Colorado Supreme Court Overturns ‘Big Food’ Challenge, Keeps GMO Labeling Bill Alive

Initiative can now appear on the state's November 2014 ballot

The Colorado Supreme Court overturned a major challenge by mainstream biotech, pesticide and grocery interests last week, allowing for the possibility of a genetically modified organisms (GMO) labeling bill to appear on the state’s November 2014 ballot.

photo of marchers, one carrying a sign that reads, why not label it - let us decide!photo by desrowVISUALS.com on FlickrIn order for the ballot initiative to come before voters, it needs 86,105
petition signatures to be submitted to the state by early August.

In order for Ballot Initiative #48 – a bill that would mandate the labeling of GMO foods on product packaging – to come before voters, it needs 86,105 petition signatures to be submitted to the state by early August, according to Right to Know Colorado GMO, a grassroots initiative established by local residents, which introduced the bill.

On Tuesday, Right to Know announced its plans to partner with local farmers, farmers markets, moms, faith-based organizations, natural, organic and non-GMO food retailers, and other health, sustainability and consumer advocacy organizations to gather the required signatures.

“We are pleased that the state Supreme Court ruled in favor of the GMO labeling ballot title, and we look forward to bringing a GMO labeling initiative before the voters of Colorado this fall,” said Larry Cooper, one of the proponents of the Right to Know initiative.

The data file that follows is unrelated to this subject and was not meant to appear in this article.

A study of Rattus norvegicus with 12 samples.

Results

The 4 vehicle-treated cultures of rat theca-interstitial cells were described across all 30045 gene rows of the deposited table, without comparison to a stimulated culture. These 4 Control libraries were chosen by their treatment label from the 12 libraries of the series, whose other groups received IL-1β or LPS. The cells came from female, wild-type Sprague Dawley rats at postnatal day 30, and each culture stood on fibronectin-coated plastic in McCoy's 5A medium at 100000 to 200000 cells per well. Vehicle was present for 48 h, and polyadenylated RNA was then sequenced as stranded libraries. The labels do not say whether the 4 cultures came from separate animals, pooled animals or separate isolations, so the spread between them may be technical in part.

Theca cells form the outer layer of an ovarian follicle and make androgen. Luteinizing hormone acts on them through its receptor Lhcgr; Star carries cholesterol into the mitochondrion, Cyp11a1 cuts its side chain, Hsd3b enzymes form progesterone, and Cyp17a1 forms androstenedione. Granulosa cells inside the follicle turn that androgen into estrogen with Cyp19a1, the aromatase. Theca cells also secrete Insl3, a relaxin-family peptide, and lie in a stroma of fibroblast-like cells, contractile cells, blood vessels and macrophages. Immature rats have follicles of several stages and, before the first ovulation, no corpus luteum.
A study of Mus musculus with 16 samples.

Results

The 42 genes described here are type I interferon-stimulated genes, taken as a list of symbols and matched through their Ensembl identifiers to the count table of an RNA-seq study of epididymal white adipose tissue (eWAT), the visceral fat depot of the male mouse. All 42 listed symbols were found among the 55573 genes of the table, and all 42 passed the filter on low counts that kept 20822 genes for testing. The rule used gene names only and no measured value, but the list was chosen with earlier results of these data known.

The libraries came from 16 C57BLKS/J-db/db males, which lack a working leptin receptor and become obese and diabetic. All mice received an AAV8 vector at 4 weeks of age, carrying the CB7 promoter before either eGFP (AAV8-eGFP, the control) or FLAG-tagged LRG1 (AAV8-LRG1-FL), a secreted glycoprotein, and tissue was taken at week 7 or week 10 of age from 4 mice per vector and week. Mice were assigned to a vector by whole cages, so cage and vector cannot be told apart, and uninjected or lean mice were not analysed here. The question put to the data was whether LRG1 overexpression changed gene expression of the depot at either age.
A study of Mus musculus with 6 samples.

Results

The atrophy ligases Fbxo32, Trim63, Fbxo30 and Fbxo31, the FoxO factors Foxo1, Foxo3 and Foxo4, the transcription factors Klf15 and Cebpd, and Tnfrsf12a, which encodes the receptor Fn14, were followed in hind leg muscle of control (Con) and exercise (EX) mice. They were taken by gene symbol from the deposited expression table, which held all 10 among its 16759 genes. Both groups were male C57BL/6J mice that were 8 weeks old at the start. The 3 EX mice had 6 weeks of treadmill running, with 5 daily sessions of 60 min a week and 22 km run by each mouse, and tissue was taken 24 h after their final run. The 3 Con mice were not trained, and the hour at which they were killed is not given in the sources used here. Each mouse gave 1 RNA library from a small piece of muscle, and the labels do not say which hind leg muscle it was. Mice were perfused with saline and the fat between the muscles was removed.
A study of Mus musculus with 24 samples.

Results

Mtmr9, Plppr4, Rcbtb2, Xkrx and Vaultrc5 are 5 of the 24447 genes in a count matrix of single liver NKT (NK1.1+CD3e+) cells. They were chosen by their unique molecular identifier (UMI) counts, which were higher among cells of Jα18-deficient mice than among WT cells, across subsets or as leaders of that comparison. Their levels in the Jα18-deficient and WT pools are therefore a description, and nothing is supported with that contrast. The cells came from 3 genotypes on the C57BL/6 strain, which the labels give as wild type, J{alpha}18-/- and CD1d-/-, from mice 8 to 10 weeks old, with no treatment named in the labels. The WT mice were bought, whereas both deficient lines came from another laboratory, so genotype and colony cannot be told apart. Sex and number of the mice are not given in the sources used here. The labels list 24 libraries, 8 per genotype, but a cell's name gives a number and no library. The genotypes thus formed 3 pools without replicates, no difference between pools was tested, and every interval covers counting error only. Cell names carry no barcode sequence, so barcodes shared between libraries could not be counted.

Right to Know reports:

With no federal GMO labeling requirements in place in the U.S., it is estimated that more than 80 percent of conventional processed foods contain genetically engineered ingredients, primarily from GMO corn, soy, canola, cotton, sugar beets and other GMO crops. However, according to national GMO labeling advocacy organization Just Label It, more than 90 percent of U.S. consumers surveyed want mandatory labeling of GMO foods.

While pro-biotech interests claim that GMOs are safe, a growing body of scientific research suggests there may be enough risks to justify the need for consumer transparency. More than 64 other countries require mandatory labeling of genetically engineered or GMO foods. Colorado joins more than two dozen other states, including Oregon, Arizona, Vermont, New Hampshire, New York, Pennsylvania and elsewhere, in calling for GMO labeling legislation.

“Coloradans have the right to know what is in their food, and to make purchasing decisions for their families based on knowing whether their foods are genetically engineered, and we believe they will have that opportunity after November,” said Cooper.